USA Bank Regulation: 1837: Free banking period

bank regulation: Image of a bank during during the free banking period

Prior to the dissolution of the second Bank of the United States (due to Congress not renewing its charter in 1836), bank regulation for state banks was lax, and afterwards, it stayed so, for quite a while.

Between 1829 and 1837 the number of state banks in the United States more than doubled.


This post is part of a larger series and sub-series.

Here is a link to the series: The history of banks and banking regulation

and to the sub-series: United States Banking and Bank Regulation History


New York removed the requirement for a special charter before a new bank could be incorporated.

Several other states followed this policy of “free banking”.

In 1829, New York did set up a bank supervisory authority, and a more formal banking commission was created after the panic of 1837, which created reserve requirements.

The first deposit insurance was passed by the state of New York in 1829, but for some reason, it did not work.

From 1836 until the civil war, the currency used in the United States was the banknotes issued by state banks

By the time of the civil war, there were 8,000 kinds of money in the United States. Due to so many different banks issuing so many bills which all looked different, counterfeiting was both easier than today and much more prevalent.

The values of the banknotes fluctuated from bank to bank, and from time to time, depending on their perceived quality. Since not every $1 bill was considered to be worth $1, shops kept lists of the banknotes they would accept, and at what valuation. If you entered a store with banknotes they didn’t accept, you couldn’t buy anything.

When the US Civil War started both sides needed to buy stuff. The Union issued bonds, but as the war dragged on, they realized the bonds didn’t raise enough money, and after talking with New York bankers, they realized they couldn’t raise sufficient funds with bonds.

It was suggested the American government issue paper money an idea that met with resistance. Some feared it would create a financial calamity, similar to the experience with Continent Currency during the War of Independence.

But they needed to buy stuff for the war effort, so in 1862, they started issuing paper money, not backed by gold, called greenbacks.

In February of 1862, the Legal Tender Act was signed into law by President Lincoln, which authorized the issuing of $150 million of this currency. A second Legal Tender Act was signed into law in 1863 which authorized the issuing of $300 million more.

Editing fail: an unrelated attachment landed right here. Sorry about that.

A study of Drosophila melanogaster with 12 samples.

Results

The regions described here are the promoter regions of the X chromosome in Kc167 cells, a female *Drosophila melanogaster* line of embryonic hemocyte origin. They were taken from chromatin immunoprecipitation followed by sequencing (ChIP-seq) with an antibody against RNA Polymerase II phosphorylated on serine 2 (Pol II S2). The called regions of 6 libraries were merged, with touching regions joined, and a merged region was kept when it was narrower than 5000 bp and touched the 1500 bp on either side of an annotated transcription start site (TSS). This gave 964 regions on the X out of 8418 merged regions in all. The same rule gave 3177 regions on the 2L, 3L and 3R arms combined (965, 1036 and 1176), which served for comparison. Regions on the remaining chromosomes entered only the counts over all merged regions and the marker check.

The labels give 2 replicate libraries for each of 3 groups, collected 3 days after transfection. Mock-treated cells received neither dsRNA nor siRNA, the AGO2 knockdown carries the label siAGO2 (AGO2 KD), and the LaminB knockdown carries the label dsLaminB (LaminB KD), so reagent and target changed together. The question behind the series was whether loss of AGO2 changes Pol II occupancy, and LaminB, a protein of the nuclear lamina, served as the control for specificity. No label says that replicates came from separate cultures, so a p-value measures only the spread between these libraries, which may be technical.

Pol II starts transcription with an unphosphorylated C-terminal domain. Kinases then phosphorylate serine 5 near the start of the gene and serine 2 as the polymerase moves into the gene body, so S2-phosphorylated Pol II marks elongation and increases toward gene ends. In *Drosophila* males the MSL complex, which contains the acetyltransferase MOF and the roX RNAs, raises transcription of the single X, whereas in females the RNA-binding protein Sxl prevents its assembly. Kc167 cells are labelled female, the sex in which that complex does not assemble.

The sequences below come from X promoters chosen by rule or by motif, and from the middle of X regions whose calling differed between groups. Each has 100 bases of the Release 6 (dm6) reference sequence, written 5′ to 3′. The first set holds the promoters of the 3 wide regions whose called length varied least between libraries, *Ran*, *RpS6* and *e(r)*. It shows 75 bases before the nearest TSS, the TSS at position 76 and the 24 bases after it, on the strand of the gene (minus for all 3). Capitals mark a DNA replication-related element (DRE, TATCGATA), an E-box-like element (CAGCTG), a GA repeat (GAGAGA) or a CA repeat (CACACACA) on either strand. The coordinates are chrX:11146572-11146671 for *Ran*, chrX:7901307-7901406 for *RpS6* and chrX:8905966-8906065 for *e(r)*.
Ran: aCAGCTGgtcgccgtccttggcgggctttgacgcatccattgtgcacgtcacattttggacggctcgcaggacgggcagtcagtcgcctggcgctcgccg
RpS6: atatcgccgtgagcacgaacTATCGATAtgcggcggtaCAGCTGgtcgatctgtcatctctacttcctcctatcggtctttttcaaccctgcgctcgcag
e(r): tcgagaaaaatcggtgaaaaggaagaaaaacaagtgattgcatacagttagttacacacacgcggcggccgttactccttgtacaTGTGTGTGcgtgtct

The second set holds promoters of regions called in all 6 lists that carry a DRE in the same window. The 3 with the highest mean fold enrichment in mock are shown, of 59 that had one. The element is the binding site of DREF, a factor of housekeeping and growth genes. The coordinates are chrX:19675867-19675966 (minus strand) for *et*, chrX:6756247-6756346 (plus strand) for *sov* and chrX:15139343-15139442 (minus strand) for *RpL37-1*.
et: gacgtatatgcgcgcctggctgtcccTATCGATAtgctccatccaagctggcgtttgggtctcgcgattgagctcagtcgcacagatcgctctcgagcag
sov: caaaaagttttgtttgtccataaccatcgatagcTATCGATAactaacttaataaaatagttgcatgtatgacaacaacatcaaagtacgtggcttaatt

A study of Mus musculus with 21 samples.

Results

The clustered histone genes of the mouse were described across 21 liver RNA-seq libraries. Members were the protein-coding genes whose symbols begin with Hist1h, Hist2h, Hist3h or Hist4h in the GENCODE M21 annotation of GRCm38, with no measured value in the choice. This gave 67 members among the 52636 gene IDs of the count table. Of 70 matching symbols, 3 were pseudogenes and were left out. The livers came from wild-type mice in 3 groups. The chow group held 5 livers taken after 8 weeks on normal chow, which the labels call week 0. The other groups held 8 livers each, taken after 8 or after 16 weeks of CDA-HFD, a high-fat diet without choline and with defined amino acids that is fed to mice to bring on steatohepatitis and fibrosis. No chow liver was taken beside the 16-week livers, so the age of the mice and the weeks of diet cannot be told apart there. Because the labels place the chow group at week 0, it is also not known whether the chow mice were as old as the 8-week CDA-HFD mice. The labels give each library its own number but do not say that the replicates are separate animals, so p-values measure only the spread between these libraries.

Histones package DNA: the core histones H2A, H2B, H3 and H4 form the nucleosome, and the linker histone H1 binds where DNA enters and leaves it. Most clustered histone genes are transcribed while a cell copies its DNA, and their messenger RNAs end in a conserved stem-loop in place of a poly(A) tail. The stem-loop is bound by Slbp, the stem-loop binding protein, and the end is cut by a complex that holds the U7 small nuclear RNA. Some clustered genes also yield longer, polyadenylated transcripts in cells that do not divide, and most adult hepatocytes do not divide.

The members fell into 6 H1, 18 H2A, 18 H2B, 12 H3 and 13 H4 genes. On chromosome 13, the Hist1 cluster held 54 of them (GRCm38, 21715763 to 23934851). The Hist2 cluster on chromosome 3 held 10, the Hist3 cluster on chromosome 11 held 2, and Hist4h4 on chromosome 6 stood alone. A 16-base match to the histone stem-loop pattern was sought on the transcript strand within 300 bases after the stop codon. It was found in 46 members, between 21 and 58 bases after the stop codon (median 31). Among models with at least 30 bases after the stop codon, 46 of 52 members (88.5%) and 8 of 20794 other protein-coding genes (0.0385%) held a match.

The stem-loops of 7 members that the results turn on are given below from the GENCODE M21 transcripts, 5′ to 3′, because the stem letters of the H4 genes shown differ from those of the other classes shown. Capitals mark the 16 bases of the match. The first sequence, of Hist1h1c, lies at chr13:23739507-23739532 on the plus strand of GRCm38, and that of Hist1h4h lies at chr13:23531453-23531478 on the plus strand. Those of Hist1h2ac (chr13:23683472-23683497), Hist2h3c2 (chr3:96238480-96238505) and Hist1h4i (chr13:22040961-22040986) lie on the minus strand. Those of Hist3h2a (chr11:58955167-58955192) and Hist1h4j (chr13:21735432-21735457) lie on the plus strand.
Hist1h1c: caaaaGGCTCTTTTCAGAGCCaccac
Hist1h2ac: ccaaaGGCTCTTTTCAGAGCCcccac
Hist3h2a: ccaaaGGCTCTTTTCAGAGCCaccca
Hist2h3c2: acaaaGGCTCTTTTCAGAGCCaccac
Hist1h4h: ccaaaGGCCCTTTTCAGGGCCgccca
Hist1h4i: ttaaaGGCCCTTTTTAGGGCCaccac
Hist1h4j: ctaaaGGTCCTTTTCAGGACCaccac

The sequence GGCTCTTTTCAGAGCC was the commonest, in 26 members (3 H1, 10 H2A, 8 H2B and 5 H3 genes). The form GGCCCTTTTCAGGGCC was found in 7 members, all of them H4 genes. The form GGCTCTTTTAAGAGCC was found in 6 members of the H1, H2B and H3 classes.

Green ink was chosen because it was thought to fade more slowly and to be harder to counterfeit.

The Confederate states also printed paper money, but it was so easy to counterfeit that the south became flooded with counterfeit bills. A Philadelphia printer (Samuel Upham) created a large amount of them to sell as novelties, and they were so good that people in the north bought them to use to buy southern cotton (yes, even during the US Civil War, mills in the north bought cotton from the south that was knowingly produced by slave labour).

Much to the surprise of some, many Americans were glad to see a nationally issued currency, as the only money they had ever used before then was not accepted everywhere and the values of it fluctuated. And now, for the first time in their lives, every dollar was accepted everywhere and had the same value.

After the war, some fiscal conservatives wanted the greenbacks retired. Some demanded the US government make good on their promise to convert them to gold.

And believe it or not, a political party formed, The Greenback Party, based on the idea that this fiat currency provided increased financial stability and should become THE currency.

In January of 1879, the US government began converting greenbacks into gold, but very few people showed up to redeem them. Americans had become accustomed to this currency and considered it to be as good as gold.